Judging by how closely many African Americans were watching the nail-biter of a Senate race in Alabama earlier this week, you’d think all of us lived in Alabama.
And in a way, we do. Because this special election wasn’t just about Alabama, or even just about the legacy of the South. This was about the lingering and persistent history of black oppression in America that the election of a white supremacist as president of the United States has reminded us all is not much divorced from the present.
On the surface, just technically speaking, this was a special election to replace the Senate seat vacated by U.S. Attorney General Jefferson Beauregard Sessions III (can you get any more white male southern than that? I don’t think so) who left his former elected post to join the Trump administration cabinet. Before Trump turned on him, he was one of the man’s earliest and most enthusiastic supporters, which was why he got rewarded with the cabinet position. Trump was heartily and openly endorsed by members of the Ku Klux Klan, neo-Nazis, and other white supremacists in addition to Sessions.
Which takes us just below that surface, which is where the truth of the matter resides. Because Jefferson Beauregard Sessions III is enough of a verifiable racist to have alarmed the late Coretta Scott King, widow of slain civil rights icon Dr. Martin Luther King Jr. Keep in mind that Sessions has been a popular Republican senator in Alabama for the past two decades.
In a letter written to Congress in 1986, King, urged the body to block the nomination of Jeff Sessions for federal judge, saying that allowing him to join the federal bench would “irreparably damage the work of my husband.”
“Anyone who has used the power of his office as United States Attorney to intimidate and chill the free exercise of the ballot by citizens should not be elevated to our courts,” said King. “Mr. Sessions has used the awesome powers of his office in a shabby attempt to intimidate and frighten elderly black voters. For this reprehensible conduct, he should not be rewarded with a federal judgeship.”
A Senate committee later denied Sessions that federal judgeship. He was a 39-year-old U.S. attorney in Alabama at the time. His former colleagues had testified that Sessions had no problem using the n-word and often joked about the Ku Klux Klan, saying he thought they were OK “until he learned that they smoked marijuana.”
So now it comes time to replace ole Jeff, and the choice for voters is either yet another Southern white male racist who also happens to be a child molester, or a considerably more evolved Southern white male who has chosen to openly and demonstrably break from that bloody lineage of white male oppression.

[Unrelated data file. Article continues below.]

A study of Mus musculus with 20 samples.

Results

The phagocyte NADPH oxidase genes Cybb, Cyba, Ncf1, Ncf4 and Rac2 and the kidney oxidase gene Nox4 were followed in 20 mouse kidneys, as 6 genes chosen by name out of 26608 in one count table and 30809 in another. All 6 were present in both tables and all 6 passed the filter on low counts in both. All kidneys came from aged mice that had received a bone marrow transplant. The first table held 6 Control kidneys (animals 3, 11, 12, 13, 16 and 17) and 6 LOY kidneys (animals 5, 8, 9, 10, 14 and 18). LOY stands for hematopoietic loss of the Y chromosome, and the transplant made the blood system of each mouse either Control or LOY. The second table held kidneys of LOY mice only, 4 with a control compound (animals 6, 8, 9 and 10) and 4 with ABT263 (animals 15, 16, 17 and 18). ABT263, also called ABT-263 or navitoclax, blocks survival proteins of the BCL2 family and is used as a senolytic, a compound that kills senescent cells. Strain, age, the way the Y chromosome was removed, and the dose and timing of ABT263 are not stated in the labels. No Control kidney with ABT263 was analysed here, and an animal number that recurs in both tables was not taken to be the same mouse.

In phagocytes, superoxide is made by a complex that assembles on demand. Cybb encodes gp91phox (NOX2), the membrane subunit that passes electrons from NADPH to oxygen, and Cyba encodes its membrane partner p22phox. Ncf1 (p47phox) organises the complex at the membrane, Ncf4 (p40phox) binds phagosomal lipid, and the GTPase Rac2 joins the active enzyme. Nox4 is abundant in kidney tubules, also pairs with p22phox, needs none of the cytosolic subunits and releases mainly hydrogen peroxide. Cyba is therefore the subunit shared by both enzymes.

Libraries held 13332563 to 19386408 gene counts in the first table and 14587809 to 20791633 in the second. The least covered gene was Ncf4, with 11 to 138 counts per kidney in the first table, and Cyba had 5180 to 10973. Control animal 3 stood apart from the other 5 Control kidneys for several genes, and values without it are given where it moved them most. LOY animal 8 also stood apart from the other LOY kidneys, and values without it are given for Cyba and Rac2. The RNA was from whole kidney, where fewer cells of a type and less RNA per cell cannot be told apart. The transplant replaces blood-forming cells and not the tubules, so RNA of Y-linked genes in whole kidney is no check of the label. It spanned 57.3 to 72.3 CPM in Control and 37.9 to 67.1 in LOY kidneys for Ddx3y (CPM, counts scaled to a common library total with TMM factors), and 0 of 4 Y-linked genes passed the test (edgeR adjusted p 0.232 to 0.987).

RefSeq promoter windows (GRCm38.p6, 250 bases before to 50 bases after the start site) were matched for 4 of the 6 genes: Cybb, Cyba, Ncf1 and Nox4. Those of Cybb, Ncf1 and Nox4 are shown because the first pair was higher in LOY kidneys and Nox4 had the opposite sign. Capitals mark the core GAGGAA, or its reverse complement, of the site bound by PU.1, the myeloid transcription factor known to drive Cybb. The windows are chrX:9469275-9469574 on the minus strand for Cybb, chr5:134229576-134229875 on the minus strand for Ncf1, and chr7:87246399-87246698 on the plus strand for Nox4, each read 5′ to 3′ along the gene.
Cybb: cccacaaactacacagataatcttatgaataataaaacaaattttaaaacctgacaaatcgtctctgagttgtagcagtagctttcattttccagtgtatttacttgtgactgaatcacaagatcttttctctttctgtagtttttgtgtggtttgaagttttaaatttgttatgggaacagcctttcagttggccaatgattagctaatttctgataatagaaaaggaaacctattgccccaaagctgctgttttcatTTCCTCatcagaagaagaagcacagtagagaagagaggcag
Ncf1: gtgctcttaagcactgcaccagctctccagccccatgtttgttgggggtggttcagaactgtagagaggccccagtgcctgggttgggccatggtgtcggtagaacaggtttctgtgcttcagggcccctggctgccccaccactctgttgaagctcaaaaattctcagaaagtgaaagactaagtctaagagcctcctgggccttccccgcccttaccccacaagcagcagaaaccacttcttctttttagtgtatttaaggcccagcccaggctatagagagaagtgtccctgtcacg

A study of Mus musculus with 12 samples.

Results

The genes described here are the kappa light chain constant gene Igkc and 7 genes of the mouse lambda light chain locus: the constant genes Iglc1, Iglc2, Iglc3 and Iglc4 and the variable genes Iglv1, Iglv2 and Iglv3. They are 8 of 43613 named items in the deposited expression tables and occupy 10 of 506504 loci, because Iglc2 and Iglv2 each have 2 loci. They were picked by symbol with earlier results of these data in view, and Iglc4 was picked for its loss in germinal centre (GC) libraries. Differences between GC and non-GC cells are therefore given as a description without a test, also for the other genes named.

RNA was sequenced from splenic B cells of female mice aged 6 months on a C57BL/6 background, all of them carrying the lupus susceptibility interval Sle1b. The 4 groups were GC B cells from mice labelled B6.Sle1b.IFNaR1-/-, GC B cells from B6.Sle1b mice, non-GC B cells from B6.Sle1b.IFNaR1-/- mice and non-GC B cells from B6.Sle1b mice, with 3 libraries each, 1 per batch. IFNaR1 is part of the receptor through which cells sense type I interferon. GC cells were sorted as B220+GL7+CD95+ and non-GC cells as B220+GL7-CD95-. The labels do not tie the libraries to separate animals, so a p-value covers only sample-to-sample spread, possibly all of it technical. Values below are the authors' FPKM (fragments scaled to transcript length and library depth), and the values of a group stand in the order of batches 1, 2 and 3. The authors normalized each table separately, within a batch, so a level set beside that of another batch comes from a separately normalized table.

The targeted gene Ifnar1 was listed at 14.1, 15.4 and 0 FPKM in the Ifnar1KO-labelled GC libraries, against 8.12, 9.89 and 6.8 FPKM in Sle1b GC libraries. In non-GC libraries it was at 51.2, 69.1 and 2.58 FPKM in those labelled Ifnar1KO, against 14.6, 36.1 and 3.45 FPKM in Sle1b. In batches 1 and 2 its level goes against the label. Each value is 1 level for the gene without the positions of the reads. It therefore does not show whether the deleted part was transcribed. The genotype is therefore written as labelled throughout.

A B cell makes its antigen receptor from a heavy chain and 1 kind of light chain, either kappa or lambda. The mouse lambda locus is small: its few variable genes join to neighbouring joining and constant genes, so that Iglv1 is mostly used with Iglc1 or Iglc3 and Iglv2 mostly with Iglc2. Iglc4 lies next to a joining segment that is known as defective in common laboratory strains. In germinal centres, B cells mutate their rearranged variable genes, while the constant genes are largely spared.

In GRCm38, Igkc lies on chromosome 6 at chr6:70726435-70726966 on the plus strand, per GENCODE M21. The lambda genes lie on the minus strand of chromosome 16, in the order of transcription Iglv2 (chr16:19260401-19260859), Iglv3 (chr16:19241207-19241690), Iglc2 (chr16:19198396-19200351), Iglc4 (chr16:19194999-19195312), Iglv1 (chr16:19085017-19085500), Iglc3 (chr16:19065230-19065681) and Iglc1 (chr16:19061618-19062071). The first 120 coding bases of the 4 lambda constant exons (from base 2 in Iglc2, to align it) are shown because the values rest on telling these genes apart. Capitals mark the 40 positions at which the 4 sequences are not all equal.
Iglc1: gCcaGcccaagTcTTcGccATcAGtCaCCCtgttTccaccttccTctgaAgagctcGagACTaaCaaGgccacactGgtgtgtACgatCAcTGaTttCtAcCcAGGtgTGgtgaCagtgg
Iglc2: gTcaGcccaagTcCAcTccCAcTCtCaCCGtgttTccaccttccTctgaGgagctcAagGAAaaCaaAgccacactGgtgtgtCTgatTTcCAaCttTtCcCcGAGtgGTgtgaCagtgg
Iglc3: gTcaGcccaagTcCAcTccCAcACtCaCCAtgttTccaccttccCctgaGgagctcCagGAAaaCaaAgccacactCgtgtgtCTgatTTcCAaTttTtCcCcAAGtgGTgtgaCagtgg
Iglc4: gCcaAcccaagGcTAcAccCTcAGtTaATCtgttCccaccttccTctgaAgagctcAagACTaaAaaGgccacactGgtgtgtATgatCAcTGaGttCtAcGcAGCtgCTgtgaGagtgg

Disgraced former Judge Roy Moore, who rode in on his horse to cast his ballot (true story), embodied just about everything that most black folks would say has remained wrong with the South. This is a man who actually responded in the following way to a question at a rally posed by a black man asking when was the last time Moore thought that America was great:
“I think it was great at the time when families were united — even though we had slavery — they cared for one another…. Our families were strong, our country had a direction,” said Moore.
Moore is that foul piece of crap progressive white Southerners have been trying to wipe off the bottom of their shoes for decades now, and that black folks wish…well… we wish things that can’t properly be said in a family newspaper.
Doug Jones, a former federal prosecutor, wasn’t especially well-known to many black voters in the beginning. But once they learned that he had successfully prosecuted two white Klansmen for their roles in the 1963 bombing of the 16th Street Baptist Church in Birmingham that killed four African-American girls? That, plus the dread of suffering under the foot of another wacko cracker for possibly another two decades, was all the motivation they needed to take their souls to the polls.
In the end, thanks to black folks, especially black women, Doug Jones pulled off an Oh Thank God miraculous victory to replace Jefferson Beauregard Sessions III (I just can’t get tired of that name).
According to CNN exit polling, 30 percent of the electorate was African-American, and a full 96 percent of that energized black electorate voted for Mr. Jones. Jones’ backers figured he needed to get at least 25 percent of that black vote, so he exceeded expectations by 5 percent. And a remarkable 98 percent of black women voters supported Jones. Just by way of comparison, the share of black voters on Tuesday was higher than the share in 2008 and 2012 when Barack Obama was on the ballot.
Predictably, Roy Moore refused to accept the results, admonishing his followers to remember that “God is in control.”
Roy, you don’t know how right you are, son. As the old folks say, He may not always come when you want Him, but He always comes when you need Him.